Asters secured a landmark victory for two leading Chinese construction and engineering companies Power Construction Corporation of China, Limited and Powerchina Huadong Engineering Corporation, Limited ("Powerchina") in the challenge of the security measures granted by the Kyiv Court of Appeal in assistance to arbitration proceedings pending before the Dubai International Arbitration Center ("DIAC").
The procedure for interim measures of protection in aid of international arbitration was introduced to Civil Procedure Code of Ukraine ("CPC") in December 2017 with the full-scale reform of Ukrainian procedural codes. Despite some sporadic previous decisions by the Ukrainian courts, Powechina case became the first one addressing fundamental issues regarding interim measures procedure, such as international jurisdiction of the Ukrainian court in such case with multiple foreign defendants.
In spring 2022, Fursy Energy Group LLC and FAS Energy LLC ("Fursy"), the owners and operators of the Photovoltaic power plant in the Kyiv Region ("PV Plant"), launched an arbitration in the DIAC against Powerchina. In parallel, Fursy applied to the Kyiv Court of Appeal for security measures in aid of international arbitration seeking a prohibition for Powerchina to collect the pledged and mortgaged assets in Ukraine for the certified debts of Fursy.
In May 2022, the Kyiv Court of Appeal ex parte upheld the Fursy's application. Notably, this was the first known ruling rendered against collectively two foreign companies upon an application filed in aid of international arbitration having no seat in Ukraine.
In June 2022, Powerchina appealed the Kyiv Court of Appeal's ruling on multiple grounds, challenging international jurisdiction of the Ukrainian courts over Powerchina and claiming lack of substantive grounds to grant the interim measures. The Supreme Court agreed with Powerchina and Asters on most of the points. Namely, the Supreme Court found that in case of multiple defendants, the international jurisdictions of the Ukrainian court shall be established with respect to each of such defendants. The Supreme Court concluded that the Kyiv Court of Appeal erred in establishing its jurisdiction, since the court did not have jurisdiction over one of the Powerchina companies, which does not have a representative office and/or property in Ukraine. Notably, the Supreme Court rejected a possibility to rely on rules on joinder of claims set out in Article 28 CPC to establish international jurisdiction of the Ukrainian courts over a foreign defendant in cases where the arbitration tribunal is seated abroad, irrespective of the fact that several defendants may be jointly liable. In this type of cases, the Supreme Court concluded that the international jurisdiction is to be determined in respect of each defendant separately.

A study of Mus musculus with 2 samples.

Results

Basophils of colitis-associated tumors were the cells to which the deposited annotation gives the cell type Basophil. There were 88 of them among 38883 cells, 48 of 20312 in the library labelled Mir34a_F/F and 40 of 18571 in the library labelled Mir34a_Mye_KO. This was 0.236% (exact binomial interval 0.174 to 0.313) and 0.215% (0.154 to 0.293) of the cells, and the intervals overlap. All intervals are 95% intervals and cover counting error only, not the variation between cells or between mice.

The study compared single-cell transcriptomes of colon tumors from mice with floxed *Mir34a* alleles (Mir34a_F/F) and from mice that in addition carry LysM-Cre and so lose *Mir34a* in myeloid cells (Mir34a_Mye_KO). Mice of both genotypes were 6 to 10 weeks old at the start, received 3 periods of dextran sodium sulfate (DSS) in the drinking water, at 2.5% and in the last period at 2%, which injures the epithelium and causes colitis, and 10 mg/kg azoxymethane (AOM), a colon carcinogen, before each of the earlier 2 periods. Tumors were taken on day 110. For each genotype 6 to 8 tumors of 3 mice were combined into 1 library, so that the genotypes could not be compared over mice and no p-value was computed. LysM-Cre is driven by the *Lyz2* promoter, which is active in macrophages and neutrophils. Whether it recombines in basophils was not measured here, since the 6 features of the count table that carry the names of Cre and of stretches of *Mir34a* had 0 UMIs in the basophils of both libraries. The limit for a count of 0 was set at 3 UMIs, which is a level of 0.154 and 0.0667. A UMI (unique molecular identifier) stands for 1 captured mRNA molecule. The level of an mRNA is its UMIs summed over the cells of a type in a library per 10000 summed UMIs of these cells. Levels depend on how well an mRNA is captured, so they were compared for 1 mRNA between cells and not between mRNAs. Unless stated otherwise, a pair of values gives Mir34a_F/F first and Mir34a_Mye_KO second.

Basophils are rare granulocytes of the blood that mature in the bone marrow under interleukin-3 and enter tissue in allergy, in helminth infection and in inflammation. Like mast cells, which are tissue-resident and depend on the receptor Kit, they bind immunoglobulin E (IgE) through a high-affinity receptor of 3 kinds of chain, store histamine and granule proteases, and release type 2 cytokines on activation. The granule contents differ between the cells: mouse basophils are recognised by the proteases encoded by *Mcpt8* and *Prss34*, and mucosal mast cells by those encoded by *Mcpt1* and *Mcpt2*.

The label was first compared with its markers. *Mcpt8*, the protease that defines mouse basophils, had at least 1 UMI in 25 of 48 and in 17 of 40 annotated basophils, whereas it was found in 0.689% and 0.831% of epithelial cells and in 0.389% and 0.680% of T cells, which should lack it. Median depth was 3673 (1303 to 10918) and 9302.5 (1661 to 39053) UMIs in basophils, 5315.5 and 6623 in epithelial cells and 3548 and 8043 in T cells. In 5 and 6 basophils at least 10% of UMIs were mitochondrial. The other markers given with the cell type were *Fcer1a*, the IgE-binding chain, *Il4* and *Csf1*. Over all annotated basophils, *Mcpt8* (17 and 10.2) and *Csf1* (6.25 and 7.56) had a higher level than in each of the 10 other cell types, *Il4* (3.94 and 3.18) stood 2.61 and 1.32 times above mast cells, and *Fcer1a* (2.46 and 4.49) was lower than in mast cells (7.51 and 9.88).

The Supreme Court also sided with Powerchina and Asters by finding that subject-matter of the claim referred by Fursy to arbitration does not correlate with the measures requested before the Ukrainian courts. In the opinion of the Supreme Court, in cases under Article 149 (3) CPC the first instance court shall consider whether the requested measures are reasonably linked and correlate with the real content of the claims raised in the arbitration proceedings. Finally, the Supreme Court found that the requested measures were disproportionate.
The Supreme Court's resolution is not only a decisive win for Asters' long-standing client, but also an important judgment on novel issues of Ukrainian procedural law. It clarifies the CPC rules on interim measures in aid of international arbitration from the Ukrainian courts as well as answers to a recently unfamiliar question on international jurisdiction over multiple foreign defendants.
This matter represents a significant milestone in Asters team's multitask advisory support rendered to Powerchina since early 2019. Before the end of 2019, Asters' role included advising Powerchina on the contractual framework for the construction of the PV Plant and supply of the relevant equipment.
Asters' Arbitration and Litigation team working on the case included Co-Managing Partner Oleksiy Didkovskiy and Partner Markiyan Kliuchkovskyi, Counsel Oleksandr Volkov, Senior Associate Viktor Tarasenkov and Associate Oleksii Izotov. Asters' Construction and Energy law team working on the project included Partner Yaroslav Petrov and Counsel Anzhelika Livitska. Asters Financial law team working on the project included Partner Iryna Pokanay and Counsel Gabriel Aslanian.
Asters is the largest law firm in Ukraine with offices in Kyiv, Washington D.C., London and Brussels. Chambers Europe 2022 recognises 21 lawyers of Asters – the largest number of the renowned practitioners in a single Ukrainian law firm.